Gov. Dannel P. Malloy's car-tax proposal should go back to the drawing board.
Mr. Malloy's budget proposal called for eliminating the tax on motor vehicles valued at $28,500 or less. He has called the tax one of the most unfair levies on the books. He's right — it is. As Mr. Malloy has pointed out, a car owner pays a tax rate of 11 mills in Greenwich or 75 mills in Hartford on the same car. A car assessed at $10,000 would cost $110 in taxes in Greenwich and $750 in Hartford. That's wrong.
But while Mr. Malloy has the right diagnosis, he has the wrong cure. Eliminating the car tax will cause cities and towns to lose between $633 million and $700 million in revenue, depending on the estimate. This will cause towns to increase property taxes on land, buildings and their improvements, a burden that will fall largely on businesses.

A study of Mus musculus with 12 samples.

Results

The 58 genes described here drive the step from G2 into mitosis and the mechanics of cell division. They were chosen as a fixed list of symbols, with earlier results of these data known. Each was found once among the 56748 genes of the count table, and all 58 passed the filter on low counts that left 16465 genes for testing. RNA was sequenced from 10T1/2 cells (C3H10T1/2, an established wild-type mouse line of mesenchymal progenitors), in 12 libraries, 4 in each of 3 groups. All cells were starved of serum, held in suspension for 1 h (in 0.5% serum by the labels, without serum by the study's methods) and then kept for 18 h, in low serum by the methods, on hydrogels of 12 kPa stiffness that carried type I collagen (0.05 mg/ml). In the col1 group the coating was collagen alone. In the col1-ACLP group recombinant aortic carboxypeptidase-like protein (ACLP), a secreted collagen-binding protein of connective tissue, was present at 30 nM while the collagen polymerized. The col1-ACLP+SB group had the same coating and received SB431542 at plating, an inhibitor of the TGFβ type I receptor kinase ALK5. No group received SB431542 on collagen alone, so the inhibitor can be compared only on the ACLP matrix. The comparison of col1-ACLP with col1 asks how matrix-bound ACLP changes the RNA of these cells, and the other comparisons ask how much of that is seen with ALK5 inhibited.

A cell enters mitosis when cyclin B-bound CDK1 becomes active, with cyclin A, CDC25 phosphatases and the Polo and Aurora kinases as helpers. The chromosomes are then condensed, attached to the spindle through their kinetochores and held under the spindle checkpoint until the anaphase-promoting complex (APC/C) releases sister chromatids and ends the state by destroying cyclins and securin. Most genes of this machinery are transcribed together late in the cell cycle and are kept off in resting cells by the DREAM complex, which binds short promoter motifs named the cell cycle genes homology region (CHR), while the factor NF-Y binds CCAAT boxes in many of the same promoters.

Raising taxes on businesses is the last thing this state should be doing, if Connecticut is trying to compete with the rest of the country. According to the Council on State Taxation, property taxes constitute the largest share — 33.5 percent in 2010 — of state and local taxes paid by businesses in Connecticut. Anything we can do to keep that number from going up is to the good.
A property tax on cars is not a bad thing. Cars are a source of expense for municipalities (police, roads, utilities), and it is appropriate for users — car owners — to help shoulder the cost. But is must be done fairly, perhaps through a uniform statewide assessment, so the same car is taxed at the same rate in each town.
The debate over the car tax is another sign that the state needs to change its archaic and often counterproductive property-tax system. But to start by eliminating the car tax is sort of like starting a baseball game in the eighth inning.